When I first arrived in Lisbon, the only way I can describe my initial experience is as an assault on my senses. Although it was late September, the city was still hot and steamy. The hotel new teachers were put up in until they found accommodation was situated on a noisy main artery into the centre of the city. All human life was here, although unfortunately I couldn’t understand a word of it. Added to which, I couldn’t make head nor tail of any of the local café-restaurant menus. Consequently, I mainly subsisted on “tostas mista” (ham and cheese toasties) for a significant period, as they were the only thing I was able to order, safe in the knowledge of what I would be eating.
Before long, I’d found a flat-share in the heart of Lisbon and got down to the nitty-gritty of teaching. Coincidentally, my first school was literally round the corner from the hotel I’d first stayed in. Both buildings were close to one of the bigger, more prestigious universities in Lisbon. By day, the area swarmed with locals going about their business and budding engineers. By night, others were getting busy, by virtue of the fact that it was notoriously populated by street-walkers.
In later years, I came to be known as the “Freak Magnet” at school, which is a label I wore like a badge of honour. The writing was on the wall during my first year of teaching. One of my late evening classes was an unusual collection of individuals, with a core group of three, who despite the valiant efforts of the school director, succeeded in driving away potential new members of the class on a serial basis. I understood why. One unfortunate, but smiley, gentleman was already repeating this pre-intermediate level and was clearly never going to progress much further. A second, a man in his thirties, prone to sporting a blouson jacket, spent the lessons winking at the ladies (including me). To cap it all off, the third was a middle-aged chap in the midst of what was clearly a very difficult divorce. I had my work cut out.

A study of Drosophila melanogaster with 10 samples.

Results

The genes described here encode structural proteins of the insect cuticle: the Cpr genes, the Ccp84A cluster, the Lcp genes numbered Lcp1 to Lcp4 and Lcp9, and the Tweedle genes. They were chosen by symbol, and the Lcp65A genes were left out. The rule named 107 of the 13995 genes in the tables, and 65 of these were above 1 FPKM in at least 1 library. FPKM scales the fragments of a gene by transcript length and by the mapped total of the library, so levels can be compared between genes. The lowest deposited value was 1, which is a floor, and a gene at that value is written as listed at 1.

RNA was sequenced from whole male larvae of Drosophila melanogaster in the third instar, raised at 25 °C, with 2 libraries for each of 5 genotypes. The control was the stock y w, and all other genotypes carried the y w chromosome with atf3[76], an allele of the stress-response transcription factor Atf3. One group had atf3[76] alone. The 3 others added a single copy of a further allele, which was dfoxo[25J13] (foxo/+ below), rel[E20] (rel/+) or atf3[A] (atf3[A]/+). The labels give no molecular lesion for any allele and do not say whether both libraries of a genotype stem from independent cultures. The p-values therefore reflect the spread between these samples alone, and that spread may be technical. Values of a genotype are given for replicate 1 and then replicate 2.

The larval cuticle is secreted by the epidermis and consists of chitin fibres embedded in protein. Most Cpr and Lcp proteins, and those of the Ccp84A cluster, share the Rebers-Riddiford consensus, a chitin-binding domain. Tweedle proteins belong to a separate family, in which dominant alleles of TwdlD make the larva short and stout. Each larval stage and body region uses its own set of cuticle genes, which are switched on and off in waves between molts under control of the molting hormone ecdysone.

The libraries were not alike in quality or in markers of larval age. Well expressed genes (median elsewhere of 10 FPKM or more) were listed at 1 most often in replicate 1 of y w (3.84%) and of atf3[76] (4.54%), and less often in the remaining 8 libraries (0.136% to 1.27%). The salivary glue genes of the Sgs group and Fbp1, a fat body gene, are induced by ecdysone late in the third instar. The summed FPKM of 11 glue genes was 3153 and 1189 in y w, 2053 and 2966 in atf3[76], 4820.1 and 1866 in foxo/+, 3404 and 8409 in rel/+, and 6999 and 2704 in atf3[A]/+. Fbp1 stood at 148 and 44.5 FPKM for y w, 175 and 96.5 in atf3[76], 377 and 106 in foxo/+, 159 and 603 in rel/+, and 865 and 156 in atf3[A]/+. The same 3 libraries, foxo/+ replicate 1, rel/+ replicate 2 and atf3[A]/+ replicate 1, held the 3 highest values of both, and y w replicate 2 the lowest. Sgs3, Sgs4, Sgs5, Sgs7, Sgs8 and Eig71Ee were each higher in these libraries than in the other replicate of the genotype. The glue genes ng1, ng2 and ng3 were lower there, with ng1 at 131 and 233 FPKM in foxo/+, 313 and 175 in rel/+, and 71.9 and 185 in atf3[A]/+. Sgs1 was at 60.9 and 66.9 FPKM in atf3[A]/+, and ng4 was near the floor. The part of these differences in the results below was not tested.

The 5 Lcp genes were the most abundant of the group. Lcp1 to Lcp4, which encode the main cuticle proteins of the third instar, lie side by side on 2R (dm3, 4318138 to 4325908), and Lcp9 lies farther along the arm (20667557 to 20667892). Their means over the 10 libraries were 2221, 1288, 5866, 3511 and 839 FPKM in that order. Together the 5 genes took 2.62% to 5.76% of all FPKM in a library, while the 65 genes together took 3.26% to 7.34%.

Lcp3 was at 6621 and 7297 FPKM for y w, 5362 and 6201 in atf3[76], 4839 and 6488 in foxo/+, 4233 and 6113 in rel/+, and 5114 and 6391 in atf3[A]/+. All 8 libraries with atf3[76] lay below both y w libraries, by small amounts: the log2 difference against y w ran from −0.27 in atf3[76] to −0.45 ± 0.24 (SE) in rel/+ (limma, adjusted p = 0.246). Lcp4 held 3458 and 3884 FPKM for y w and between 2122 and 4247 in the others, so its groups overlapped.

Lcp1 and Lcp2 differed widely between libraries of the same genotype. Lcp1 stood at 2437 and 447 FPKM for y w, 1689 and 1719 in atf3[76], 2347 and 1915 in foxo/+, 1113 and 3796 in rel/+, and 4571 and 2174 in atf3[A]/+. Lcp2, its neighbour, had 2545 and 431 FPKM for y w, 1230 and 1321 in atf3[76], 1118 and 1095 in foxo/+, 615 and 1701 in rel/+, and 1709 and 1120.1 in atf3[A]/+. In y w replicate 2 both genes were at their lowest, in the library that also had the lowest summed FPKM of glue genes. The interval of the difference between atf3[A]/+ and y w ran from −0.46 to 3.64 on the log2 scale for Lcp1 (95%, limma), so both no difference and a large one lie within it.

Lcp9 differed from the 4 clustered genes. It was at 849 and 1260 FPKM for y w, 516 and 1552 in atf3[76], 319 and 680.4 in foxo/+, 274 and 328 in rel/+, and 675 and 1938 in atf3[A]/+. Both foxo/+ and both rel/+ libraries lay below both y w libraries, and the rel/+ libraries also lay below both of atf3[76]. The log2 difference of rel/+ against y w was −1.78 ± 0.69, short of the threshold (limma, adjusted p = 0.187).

As one generally does after traumatic experiences, I’ve blanked out most of those lessons, but one towards the end of the academic year stuck with me. The soon-to-be-divorcee arrived late and very drunk and proceeded to giggle manically throughout the rest of the lesson. Waiting, drained, at the bus stop to go home after class had finished, the “winker” kerb-crawled me (still winking, perhaps it was a nervous thing), but sped off sharpish once he realised he was soliciting his English teacher. I later learned that the love-lorn and inebriated student subsequently managed to involve himself in a brawl, in the café under the hotel I’d once stayed in, after class. I have no recollection of what the pleasant but simple soul that completed this triumvirate was doing throughout proceedings, but can only assume that he was grinning as inanely and uncomprehendingly as ever.
The only explanation for my return for a second round of teaching the next academic year on the back of this debacle is that I was a glutton for punishment. That, and also that I’d fallen big time for Lisbon – as well as for the man I’d later set up home with. And surely I’d just been unlucky? I would never encounter students such as this again. Would I?